Samuel Mangold-Lenett writes for the Federalist about a favorite pastime of the censorious left.

Yet another series of protests erupted against comedian Dave Chappelle this past month. Transgender-identifying individuals and their supporters insisted that platforming him could give license to other people to ridicule and physically assault trans people. One of the venues hosting Chappelle ultimately capitulated to the protesters and canceled the comedian’s show.

Chappelle, a professional comedian, has become an enemy of woke ideologues for the crime of making jokes. He has been branded as “transphobic,” and people are taking increasingly drastic measures to silence him. Attempts to silence comedians for speech deemed offensive by the left, however, have been going on long before Chappelle poked fun at “the alphabet people.”

Nearly a decade ago, a grown man wearing a red sweat suit and plastic centurion armor delivered a talk titled “2070 Paradigm Shift” to an auditorium filled with people attending Drexel University’s third annual TEDx symposium. This talk, given by comedian Sam Hyde, was an elaborate prank aimed at lampooning the self-congratulatory and pompous nature of TED Talk-style lectures and higher education in general.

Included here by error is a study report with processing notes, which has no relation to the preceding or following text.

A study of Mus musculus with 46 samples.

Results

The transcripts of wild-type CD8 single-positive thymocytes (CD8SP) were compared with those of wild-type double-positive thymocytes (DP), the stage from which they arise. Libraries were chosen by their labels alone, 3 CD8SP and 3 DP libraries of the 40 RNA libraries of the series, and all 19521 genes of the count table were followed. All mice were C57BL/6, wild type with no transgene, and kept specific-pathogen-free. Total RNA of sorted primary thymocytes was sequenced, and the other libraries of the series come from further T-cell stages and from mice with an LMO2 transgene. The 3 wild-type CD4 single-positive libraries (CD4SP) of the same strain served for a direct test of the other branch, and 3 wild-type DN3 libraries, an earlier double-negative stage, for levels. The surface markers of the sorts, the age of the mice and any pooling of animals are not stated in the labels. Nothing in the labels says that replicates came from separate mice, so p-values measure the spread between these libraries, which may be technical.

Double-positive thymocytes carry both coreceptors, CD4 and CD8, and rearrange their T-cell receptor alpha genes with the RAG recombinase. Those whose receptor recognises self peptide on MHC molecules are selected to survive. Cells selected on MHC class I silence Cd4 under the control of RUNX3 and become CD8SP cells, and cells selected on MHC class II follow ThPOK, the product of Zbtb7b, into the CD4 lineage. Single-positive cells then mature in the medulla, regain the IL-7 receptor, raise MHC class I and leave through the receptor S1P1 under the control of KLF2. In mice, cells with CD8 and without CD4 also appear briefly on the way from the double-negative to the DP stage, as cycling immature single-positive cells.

Several times throughout his talk, Hyde — who broke into the mainstream consciousness as the frontman for the digital comedy troupe Million Dollar Extreme (MDE) — almost breaks character and has to hide his face from the audience to avoid bursting into laughter. During the talk, he notes that he finds inspiration in teaching African refugees how to program Javascript and encourages the audience to be hopeful as the future will grant young children the ability to 3D print “Muslim Barbie dolls” and will usher in a tolerant era of “state-enforced homosexuality.” 

The performance was both hilarious and critically acclaimed. Hyde received a positive review from The Washington Post — which called his performance “subversive brilliance” and “the most glorious TED talk takedown” — and Gawker applauded the prank as a “symbolic victory in the war on bullsh*t.” However, such corporate approval was short-lived.